Christmas Pole Lima Bean
95 days. Very large white beans with beautiful, dark red splashes, rich flavor; heavy yields even in very hot weather; long vines.
This heirloom lima bean was first cultivated in the United States around the year 1840 and is also known as "Large Speckled Calico" lima.
Lima beans were domesticated in the Andes around 2000 BCE and in Mesoamerica almost 3000 years later, resulting in the Sieva type. It wasn't until the 1500s that limas were being grown in Europe and the Mediterranean regions.
Contains 15 heirloom seeds
BACK IN STOCK for 2023
I planted 4 plants, 2 on each end of a 30 fence. They grew rapidly and initially produced some really tasty beans. Since then, they have continued to grow aggressively and though flower have few if any pods maturing. I have had to cut them back several times to liberate my pineapples where the fence turns at the corners. I'm in subtropical Hawaii and have heavy rainfall. Plants are robust and get occasional 10-30-10 fertilizer applications. Are these pants day light time sensitive? Maybe they will start forming pods as the days lengthen..Hope so. Any tips??
Hi Steve. Heavy growth with low yields are usually associated with too much nitrogen. You are probably fertilizing too much so the plant is producing beautiful vegetation and not enough flowers. Another issue might too much rain as you mentioned or too warm
I don't like limas but I love these. As another reviewer mentioned they have a chestnut flavor and a creamy texture, not like the gritty green ones. The vines are long and prolific. They fill their half of the cattle panel arch and overrun the Trail of Tears on the other side. You may only get 2-4 beans per pod but there are so many of them it's worth it. They're so beautiful and delicious just a simple preparation is best to let the flavor shine.
Amazing grower here in central Florida. Its November and I'm still getting bean production. Highly recommend if you like lima beans...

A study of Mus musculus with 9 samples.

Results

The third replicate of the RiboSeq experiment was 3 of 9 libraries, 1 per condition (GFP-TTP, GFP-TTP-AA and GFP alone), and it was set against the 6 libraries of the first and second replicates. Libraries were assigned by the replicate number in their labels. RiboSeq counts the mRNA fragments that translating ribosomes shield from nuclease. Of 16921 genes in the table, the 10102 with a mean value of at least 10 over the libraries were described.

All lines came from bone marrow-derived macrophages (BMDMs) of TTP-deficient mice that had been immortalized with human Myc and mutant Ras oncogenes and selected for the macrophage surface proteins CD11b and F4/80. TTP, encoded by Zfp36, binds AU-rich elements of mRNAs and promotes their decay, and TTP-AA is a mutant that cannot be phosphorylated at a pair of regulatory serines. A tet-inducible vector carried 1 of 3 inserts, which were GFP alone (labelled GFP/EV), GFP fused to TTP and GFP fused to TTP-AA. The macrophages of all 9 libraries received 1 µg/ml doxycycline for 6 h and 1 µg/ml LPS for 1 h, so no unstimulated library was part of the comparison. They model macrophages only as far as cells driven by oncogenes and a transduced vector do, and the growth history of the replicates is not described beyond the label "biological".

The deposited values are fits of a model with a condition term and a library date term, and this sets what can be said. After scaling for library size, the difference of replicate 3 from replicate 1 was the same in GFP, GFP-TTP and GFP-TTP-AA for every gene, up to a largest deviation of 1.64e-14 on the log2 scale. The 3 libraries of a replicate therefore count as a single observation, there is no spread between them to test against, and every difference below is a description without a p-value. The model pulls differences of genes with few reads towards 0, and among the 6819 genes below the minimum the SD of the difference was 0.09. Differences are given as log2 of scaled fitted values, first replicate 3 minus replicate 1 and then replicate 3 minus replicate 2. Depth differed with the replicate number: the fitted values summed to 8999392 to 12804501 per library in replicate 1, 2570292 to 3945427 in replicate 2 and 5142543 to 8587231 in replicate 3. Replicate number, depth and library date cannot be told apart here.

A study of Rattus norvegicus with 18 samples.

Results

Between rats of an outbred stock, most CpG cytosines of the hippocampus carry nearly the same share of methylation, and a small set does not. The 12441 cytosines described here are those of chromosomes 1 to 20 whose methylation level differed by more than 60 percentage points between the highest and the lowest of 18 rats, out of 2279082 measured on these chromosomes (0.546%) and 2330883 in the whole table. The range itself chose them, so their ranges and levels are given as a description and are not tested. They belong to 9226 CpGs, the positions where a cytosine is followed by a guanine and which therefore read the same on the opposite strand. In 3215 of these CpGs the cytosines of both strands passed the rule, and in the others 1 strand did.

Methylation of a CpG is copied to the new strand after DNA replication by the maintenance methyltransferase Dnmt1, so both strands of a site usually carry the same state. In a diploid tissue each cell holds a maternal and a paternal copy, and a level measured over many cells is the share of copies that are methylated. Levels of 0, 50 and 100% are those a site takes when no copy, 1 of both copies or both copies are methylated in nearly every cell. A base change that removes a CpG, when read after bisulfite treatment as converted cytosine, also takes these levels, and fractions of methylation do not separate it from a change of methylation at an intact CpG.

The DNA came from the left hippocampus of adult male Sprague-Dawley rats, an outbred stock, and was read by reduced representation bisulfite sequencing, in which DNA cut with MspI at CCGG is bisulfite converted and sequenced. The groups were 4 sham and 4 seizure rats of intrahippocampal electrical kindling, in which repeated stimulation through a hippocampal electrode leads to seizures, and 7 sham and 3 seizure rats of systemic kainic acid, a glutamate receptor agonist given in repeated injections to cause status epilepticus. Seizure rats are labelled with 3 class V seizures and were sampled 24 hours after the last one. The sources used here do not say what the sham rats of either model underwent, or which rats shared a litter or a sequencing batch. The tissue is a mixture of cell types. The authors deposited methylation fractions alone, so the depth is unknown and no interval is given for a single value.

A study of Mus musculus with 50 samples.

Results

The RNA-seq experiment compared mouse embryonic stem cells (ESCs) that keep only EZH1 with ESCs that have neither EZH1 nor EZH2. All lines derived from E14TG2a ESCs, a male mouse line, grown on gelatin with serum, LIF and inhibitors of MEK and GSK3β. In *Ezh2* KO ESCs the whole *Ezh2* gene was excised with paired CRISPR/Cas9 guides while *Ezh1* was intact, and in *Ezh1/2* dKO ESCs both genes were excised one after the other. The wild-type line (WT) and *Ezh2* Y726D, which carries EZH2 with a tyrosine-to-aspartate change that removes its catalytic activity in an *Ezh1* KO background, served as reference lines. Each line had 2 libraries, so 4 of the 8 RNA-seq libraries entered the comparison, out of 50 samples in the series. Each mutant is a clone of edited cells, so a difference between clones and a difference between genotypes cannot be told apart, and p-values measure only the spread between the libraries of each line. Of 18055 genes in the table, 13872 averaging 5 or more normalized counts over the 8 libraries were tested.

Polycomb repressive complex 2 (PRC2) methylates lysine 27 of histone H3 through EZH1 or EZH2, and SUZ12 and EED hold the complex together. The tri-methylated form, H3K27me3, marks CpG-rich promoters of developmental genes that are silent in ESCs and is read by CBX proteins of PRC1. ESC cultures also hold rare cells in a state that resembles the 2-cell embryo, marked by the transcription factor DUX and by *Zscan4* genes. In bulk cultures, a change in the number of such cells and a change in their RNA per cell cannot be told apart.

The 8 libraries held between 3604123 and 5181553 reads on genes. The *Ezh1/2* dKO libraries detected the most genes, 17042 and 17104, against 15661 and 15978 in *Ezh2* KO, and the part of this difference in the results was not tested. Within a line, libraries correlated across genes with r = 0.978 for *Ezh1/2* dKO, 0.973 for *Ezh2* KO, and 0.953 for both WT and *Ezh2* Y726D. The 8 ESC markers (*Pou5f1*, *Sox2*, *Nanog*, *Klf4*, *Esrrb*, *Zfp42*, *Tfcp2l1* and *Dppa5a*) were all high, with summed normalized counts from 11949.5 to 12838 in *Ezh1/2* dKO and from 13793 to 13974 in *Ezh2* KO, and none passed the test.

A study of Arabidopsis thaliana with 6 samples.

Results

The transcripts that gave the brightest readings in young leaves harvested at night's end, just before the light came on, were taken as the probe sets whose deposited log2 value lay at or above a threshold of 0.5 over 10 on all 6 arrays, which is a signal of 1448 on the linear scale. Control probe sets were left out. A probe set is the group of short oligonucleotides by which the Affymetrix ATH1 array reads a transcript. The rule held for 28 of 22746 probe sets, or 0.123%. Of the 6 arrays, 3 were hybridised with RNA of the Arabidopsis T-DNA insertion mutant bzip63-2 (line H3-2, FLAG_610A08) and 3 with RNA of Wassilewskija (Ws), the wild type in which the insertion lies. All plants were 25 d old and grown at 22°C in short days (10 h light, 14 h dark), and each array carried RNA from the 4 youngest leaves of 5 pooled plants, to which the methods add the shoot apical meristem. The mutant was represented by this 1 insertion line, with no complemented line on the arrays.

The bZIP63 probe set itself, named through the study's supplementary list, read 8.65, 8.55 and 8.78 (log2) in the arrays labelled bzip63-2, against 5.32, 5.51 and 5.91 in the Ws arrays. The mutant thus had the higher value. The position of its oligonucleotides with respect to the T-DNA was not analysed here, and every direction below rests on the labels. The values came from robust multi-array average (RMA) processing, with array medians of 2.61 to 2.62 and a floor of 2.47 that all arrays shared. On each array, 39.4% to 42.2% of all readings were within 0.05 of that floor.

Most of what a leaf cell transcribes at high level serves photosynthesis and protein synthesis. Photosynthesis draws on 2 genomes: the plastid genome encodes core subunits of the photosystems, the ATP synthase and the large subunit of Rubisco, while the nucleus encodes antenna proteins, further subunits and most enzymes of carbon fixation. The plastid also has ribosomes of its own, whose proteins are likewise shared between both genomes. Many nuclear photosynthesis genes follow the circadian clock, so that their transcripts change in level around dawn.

When I was a child, a few times each year my mother would serve pale green, starchy lima beans as a side dish at dinner. Oh, how my siblings and I dreaded those awful things! The flavor, texture, smell--YUCK! When I saw these beans on Mary's website I was dubious but decided that it could be a healing experience. Well . . . the deck was stacked against those beans. First of all, I planted them rather late (maybe July) and secondly I planted them with my luffa vines which had just started to gain steam. Within a few weeks of planting I shook my head and figured they'd never be able to compete with those gourd vines. But lo and behold, pretty late into autumn I started to notice the huge dried pods. I ended up with almost a quart of the most beautiful, rich and delicious beans I've ever tasted. They taste like buttered chestnuts. I served them on Christmas Day and everybody LOVED them. I really should post the link to the recipe I used because it was super easy and really let the flavor and creamy texture of the beans shine. Here's what I'm going to do at planting time: set an old bicycle wheel (I trash-picked a couple recently) on top of a pole, run rope down from the wheel to the ground and plant the whole contraption with Christmas Lima Beans. I think I owe that to them . . . and to myself!